Impaired T-cell proliferation among HAART-treated adults with suboptimal CD4 recovery in an African cohort
1 Makerere University College of Health Sciences, P.O. Box 7072, Kampala, Uganda
2 Infectious Diseases Institute, Makerere University College of Health Sciences, Kampala, Uganda
3 Joint Clinical Research Center, Kampala, Uganda
4 California Department of Public Health, Richmond, CA, USA
BMC Immunology 2013, 14:26 doi:10.1186/1471-2172-14-26Published: 20 June 2013
Most HIV-infected subjects exhibit a progressive rise in CD4 T-cell counts after initiation of highly active antiretroviral therapy (HAART). However, a subset of individuals exhibit very poor CD4 T-cell recovery despite effective control of HIV-RNA viraemia. We evaluated CD4 T-cell proliferation among suboptimal responders and its correlation with CD4 T-cell activation.
The magnitude of CD4 increase (difference between absolute CD4 counts at baseline and absolute CD4 counts at 4 years of ART) was grouped into 4 quartiles for the 211 patients with sustained HIV-RNA viral suppression. Cases of ‘Suboptimal immune responders’ included patients within the lowest quartile [Median CD4 increase 165 (Range −43-298) cells/μl; n=52] and a comparison group of ‘Optimal immune responders’ was defined as patients within the highest quartile of CD4 increase [Median CD4 increase 528 (Range 417–878) cells/μl; n=52]. Frozen PBMC were thawed and analysed from a convenient sample of 39 suboptimal responders and 48 optimal responders after 4 years of suppressive antiretroviral therapy. T-cell activation was measured by proportions of T-cells expressing surface marker CD38 and HLADR (CD4+CD38+HLA-DR+ and CD8+CD38+HLA-DR+ cells). T-cell proliferation was determined by the extent of carboxyfluorescein diacetate succinimidyl ester (CFSE) dye dilution on culture day 5 of PBMCs in the presence of antigen (SEB, PPD, CMVpp65, GagA and GagD). Samples were analyzed on a FACS Calibur flow cytometer and flow data was analyzed using FlowJo and GraphPad.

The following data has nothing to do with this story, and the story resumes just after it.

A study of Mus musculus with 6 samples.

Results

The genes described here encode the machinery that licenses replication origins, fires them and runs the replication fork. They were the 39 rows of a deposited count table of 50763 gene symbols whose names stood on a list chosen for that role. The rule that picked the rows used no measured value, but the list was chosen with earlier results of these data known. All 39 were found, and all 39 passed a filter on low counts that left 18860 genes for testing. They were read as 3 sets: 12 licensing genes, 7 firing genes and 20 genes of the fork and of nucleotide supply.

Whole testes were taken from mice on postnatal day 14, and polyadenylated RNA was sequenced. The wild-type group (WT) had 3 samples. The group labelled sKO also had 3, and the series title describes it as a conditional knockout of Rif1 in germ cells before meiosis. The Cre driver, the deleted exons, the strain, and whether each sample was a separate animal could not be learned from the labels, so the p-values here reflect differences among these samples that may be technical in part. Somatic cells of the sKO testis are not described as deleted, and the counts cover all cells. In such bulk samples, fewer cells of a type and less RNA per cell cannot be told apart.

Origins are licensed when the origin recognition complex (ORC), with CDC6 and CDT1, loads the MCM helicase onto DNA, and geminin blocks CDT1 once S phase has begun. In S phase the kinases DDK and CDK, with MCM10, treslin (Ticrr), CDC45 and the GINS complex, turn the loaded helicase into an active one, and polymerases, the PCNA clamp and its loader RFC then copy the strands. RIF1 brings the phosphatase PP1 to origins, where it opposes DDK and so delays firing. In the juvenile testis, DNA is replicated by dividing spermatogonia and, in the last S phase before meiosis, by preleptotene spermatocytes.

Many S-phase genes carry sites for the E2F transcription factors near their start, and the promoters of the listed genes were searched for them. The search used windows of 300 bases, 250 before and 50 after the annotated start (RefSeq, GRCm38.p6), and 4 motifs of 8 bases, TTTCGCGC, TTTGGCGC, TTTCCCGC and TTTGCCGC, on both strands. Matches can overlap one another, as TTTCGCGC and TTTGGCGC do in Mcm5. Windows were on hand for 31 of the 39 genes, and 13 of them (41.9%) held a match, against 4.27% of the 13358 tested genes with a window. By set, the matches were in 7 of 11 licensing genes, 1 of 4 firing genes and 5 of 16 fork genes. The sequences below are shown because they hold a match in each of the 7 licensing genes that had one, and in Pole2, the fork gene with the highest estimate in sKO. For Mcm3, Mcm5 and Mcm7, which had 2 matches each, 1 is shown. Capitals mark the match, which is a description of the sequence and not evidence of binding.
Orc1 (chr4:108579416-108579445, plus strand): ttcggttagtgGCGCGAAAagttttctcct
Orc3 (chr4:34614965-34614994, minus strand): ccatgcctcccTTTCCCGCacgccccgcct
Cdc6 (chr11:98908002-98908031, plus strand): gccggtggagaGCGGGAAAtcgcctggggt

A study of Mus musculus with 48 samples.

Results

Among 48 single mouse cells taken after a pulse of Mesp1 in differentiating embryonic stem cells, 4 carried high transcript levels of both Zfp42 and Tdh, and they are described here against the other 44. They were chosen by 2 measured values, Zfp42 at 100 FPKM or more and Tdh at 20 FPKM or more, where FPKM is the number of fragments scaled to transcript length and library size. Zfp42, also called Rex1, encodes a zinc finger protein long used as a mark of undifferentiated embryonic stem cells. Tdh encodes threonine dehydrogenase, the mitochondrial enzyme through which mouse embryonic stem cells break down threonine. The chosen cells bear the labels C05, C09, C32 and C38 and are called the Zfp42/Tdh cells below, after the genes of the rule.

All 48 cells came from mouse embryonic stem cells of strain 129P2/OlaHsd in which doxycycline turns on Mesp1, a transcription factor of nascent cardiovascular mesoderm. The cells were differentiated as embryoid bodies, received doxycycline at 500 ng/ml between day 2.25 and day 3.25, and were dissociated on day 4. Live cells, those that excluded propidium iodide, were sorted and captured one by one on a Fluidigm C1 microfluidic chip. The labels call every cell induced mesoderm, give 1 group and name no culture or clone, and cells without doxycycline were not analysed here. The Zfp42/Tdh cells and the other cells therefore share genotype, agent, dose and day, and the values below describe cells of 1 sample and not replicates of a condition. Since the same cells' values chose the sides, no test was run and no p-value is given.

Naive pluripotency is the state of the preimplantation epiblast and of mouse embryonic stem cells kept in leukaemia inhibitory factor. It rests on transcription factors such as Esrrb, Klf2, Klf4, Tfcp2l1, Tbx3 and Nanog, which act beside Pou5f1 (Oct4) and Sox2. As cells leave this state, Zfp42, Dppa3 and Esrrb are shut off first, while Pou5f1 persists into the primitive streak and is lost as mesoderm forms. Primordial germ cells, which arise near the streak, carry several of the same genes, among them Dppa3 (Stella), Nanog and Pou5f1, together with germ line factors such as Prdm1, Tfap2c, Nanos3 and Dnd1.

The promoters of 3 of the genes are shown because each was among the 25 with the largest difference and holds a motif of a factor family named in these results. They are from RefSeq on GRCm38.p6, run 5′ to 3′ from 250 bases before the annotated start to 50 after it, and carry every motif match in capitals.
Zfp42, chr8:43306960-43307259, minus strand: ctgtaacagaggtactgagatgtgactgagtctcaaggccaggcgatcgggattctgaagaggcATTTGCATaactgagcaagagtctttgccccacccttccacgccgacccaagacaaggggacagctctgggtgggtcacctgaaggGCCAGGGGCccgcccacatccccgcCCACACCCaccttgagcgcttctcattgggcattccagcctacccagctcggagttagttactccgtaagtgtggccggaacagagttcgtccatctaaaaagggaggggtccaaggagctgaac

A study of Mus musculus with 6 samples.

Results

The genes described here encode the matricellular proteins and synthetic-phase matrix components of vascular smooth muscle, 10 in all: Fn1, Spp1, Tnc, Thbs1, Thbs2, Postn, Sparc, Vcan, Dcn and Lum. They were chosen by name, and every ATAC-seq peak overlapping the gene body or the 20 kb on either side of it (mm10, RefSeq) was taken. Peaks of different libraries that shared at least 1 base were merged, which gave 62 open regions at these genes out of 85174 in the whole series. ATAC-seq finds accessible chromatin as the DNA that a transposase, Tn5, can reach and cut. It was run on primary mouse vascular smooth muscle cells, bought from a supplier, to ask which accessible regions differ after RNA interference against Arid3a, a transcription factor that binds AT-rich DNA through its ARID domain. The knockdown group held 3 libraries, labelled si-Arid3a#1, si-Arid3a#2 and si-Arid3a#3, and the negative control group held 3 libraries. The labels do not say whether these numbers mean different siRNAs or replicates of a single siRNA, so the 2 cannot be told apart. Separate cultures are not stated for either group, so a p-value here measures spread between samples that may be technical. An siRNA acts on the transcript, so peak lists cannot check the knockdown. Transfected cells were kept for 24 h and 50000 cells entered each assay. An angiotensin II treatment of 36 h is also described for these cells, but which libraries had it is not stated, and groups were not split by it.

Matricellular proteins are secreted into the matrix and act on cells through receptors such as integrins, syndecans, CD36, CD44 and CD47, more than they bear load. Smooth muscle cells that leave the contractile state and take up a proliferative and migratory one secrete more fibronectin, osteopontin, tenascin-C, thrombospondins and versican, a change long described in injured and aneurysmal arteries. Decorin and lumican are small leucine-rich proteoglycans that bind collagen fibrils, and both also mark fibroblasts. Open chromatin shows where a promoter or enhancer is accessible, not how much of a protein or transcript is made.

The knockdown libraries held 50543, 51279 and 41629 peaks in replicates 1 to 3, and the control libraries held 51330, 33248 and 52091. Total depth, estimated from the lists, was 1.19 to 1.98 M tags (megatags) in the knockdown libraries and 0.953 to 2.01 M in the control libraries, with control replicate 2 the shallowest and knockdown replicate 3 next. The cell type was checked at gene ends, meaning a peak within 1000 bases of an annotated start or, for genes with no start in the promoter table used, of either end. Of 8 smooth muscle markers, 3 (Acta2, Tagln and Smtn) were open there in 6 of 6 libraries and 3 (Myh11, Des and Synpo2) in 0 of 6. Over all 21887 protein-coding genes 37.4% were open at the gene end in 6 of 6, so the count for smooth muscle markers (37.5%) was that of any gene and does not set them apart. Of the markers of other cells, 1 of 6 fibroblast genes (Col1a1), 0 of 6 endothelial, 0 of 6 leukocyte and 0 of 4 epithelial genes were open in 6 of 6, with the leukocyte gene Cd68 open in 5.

Overall, CD4 T-cell proliferation on stimulation with SEB, PPD, CMVpp65, Gag A and Gag D.antigens, was lower among suboptimal than optimal responders; this was significant for SEB (CD4+ p=0.003; CD8+ p=0.048) and PPD antigens (CD8+ p=0.038). Among suboptimal responders, T-cell proliferation decreased with increasing immune activation (Negative correlation; slope = −0.13±−0.11) but not among optimal responders.
T-cell immune activation and exhaustion were associated with poor proliferation among suboptimal responders to HAART despite sustained viral suppression. We recommend studies to further understand the mechanisms leading to impaired T-cell function among suboptimal responders as well as the potential role of immune modulation in optimizing CD4 count and functional recovery after HAART.